Sun Salutation

Sun Salutation, also known by its original name Surya Namaskara, is one of the most popular asanas in the western yoga culture. The Sun Salutation also is a great yoga routine because all of the poses can have different levels of advancement so a typical beginner, to intermediate, to advanced yoga class can enjoy and find challenges in the same routine.


The Sun Salutation is believed to have its origins in India as a daily practice. Surya Namaskara literally translates to Sun Salutation. In Hindu religion, the sun is a very powerful symbol where all life comes from. Today, many in the western culture have picked this asana as a daily routine to find balance and health in.

Sun Salutation is a popular yoga session because it stretches and exercises the whole body while warming the core and limbering the body. If you drop into a random yoga class, there is a good chance the class will start with a few sun salutations to warm up the body and stretch out the core. When practicing yoga, it is very helpful to warm the body and the muscles. When your muscles and body are warmer, they are more pliable and flexible. They are also more open to take in change and expansion. The breathing will help heat up the respiratory system, the forward bends help stretch the back out, and the lunges open up the core muscles.

There are many variations of the Sun Salutation or Surya Namaskara, but most of them have the following basic foundation as one cycle.

Prayer pose – Pranamasana
Mountain – Parvataasana
Raised Hands Pose – Hasta Uttanasana
Forward Bend pose – Hastapaadasana
Lunge Pose – Ardha Mandalasana
Four-Limbed Staff Pose – Dandasana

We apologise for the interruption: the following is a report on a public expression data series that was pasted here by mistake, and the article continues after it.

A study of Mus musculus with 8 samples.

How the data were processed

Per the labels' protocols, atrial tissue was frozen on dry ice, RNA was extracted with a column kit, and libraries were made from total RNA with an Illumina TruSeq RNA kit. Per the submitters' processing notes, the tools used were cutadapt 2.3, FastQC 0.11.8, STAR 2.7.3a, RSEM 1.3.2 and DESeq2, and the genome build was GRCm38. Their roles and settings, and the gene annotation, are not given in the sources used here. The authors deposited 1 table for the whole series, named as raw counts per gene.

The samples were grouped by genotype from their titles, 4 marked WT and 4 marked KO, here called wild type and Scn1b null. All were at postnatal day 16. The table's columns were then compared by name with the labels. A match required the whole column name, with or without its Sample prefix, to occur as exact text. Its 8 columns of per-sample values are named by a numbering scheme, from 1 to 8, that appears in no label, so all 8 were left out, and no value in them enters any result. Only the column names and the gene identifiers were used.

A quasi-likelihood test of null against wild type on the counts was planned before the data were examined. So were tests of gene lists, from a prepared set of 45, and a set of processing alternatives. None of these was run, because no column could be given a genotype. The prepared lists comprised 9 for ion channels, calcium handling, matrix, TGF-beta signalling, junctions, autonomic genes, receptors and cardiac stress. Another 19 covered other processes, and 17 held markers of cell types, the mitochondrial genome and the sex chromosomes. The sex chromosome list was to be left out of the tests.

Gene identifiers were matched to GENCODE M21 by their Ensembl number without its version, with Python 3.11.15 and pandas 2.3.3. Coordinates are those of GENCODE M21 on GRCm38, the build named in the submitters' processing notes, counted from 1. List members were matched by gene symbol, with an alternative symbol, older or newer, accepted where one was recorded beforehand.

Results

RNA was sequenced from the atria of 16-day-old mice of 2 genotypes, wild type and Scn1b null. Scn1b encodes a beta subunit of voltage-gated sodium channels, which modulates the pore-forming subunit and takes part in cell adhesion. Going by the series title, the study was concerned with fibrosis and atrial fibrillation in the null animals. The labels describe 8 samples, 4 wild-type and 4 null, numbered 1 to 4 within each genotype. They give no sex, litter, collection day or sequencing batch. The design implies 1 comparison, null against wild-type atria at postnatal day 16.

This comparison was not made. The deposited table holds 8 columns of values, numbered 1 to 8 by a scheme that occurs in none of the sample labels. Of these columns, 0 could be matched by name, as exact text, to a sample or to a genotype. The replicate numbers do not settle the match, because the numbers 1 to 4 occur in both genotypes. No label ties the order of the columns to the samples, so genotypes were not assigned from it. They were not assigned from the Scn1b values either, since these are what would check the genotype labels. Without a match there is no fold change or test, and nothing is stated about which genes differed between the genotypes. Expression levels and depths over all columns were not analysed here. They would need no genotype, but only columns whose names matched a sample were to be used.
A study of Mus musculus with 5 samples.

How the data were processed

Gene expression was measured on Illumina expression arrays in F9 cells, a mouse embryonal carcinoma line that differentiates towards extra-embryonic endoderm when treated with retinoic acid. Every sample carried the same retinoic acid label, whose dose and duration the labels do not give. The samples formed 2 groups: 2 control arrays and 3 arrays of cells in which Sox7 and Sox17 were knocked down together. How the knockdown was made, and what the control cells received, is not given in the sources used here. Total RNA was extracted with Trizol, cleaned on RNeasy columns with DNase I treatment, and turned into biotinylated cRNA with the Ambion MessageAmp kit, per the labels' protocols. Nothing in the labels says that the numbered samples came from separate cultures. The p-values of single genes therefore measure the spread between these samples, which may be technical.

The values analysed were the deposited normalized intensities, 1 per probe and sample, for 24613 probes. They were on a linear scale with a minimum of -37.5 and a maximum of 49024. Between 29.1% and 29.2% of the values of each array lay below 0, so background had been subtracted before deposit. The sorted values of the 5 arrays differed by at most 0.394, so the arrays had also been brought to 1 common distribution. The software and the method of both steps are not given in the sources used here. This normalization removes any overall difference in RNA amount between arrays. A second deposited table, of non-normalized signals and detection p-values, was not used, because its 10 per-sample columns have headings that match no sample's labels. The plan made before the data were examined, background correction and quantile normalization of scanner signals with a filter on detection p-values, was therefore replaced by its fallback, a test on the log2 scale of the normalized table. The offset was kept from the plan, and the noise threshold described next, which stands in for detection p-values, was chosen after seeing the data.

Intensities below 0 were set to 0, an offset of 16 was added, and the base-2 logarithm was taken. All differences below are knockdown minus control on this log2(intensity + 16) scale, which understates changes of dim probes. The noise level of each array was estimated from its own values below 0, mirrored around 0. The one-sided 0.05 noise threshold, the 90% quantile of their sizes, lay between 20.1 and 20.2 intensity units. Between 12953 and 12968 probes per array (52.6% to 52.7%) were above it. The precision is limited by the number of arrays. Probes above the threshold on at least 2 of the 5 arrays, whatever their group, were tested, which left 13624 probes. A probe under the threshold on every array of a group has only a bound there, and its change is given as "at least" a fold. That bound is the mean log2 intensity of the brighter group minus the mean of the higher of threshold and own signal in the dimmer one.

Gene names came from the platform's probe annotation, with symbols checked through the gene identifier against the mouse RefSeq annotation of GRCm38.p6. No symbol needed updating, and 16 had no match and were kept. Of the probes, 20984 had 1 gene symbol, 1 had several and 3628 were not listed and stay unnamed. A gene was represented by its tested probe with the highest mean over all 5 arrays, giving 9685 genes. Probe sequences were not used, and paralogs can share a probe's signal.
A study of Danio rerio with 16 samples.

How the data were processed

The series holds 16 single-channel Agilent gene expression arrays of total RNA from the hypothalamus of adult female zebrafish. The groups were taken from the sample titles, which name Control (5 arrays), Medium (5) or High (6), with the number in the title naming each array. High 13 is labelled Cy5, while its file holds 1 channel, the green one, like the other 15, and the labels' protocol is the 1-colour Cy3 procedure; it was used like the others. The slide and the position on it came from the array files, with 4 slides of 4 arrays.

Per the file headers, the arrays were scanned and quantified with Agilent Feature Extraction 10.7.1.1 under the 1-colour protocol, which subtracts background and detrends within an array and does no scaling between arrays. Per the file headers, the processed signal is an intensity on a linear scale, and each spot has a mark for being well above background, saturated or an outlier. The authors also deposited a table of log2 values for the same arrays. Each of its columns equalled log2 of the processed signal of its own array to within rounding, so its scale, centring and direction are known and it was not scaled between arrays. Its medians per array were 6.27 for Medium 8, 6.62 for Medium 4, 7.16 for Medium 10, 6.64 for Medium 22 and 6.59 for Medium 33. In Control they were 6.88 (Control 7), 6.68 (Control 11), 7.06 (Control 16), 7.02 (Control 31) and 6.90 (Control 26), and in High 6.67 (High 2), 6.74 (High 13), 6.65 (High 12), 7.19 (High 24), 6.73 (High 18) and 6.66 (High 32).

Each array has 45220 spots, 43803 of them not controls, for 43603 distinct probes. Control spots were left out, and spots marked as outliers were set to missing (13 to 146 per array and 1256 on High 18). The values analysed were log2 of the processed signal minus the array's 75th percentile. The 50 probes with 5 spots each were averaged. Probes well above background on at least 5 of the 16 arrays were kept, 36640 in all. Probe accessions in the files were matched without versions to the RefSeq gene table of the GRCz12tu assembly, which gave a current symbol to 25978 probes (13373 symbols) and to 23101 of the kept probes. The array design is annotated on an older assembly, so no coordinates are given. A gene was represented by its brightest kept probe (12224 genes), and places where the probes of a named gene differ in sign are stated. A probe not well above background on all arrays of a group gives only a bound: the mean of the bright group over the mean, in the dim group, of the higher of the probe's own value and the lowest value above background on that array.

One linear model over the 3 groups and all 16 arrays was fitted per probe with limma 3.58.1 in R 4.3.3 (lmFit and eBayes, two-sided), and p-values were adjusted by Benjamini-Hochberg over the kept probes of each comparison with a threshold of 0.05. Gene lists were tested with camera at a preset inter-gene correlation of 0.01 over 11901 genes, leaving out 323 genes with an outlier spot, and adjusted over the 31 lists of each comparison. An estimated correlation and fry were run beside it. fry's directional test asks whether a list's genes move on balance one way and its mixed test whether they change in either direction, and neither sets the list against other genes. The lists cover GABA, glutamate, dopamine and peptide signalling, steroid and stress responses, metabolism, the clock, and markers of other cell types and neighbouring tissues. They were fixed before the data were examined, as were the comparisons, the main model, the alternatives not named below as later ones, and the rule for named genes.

Cobra pose-Bhujangasana
Lunge Pose – Ardha Mandalasana
Forward Bend pose – Hastapaadasana
Raised Hands Pose – Hasta Uttanasana
Mountain – Parvataasana
Prayer pose – Pranamasana

These basic poses cycle easily as is or can have additional asanas easily incorporated for a longer or more complete routine while still maintaining a normal flow of breathing and movement. Even in a basic class with no additional poses added in, each basic pose can be done in a variety of ways that increases the strength or stretching power of the pose for more advanced students.

One place where additional asanas are often added is the Lunge Pose (Ardha Mandalasana). This is a great time to add in poses such as Warrior (Virabhadrasana) variations or Triangle (Trikonasana), which are good for working the hips, shoulders, and deep core muscles. This is also a great time to add more advanced poses to challenge and expand students wanting a more advanced routine.

The Mountain (Parvataasana) pose provides the opportunity to add in standing poses such as Tree Pose (Vrksasana), Big Toe (Padangusthasana), or even more advance poses like Standing Splits (Urdhva Prasarita Eka Padasana).

The next time you drop in for a yoga session, you will likely go through at least one round of Sun Salutation, enjoy and breathe.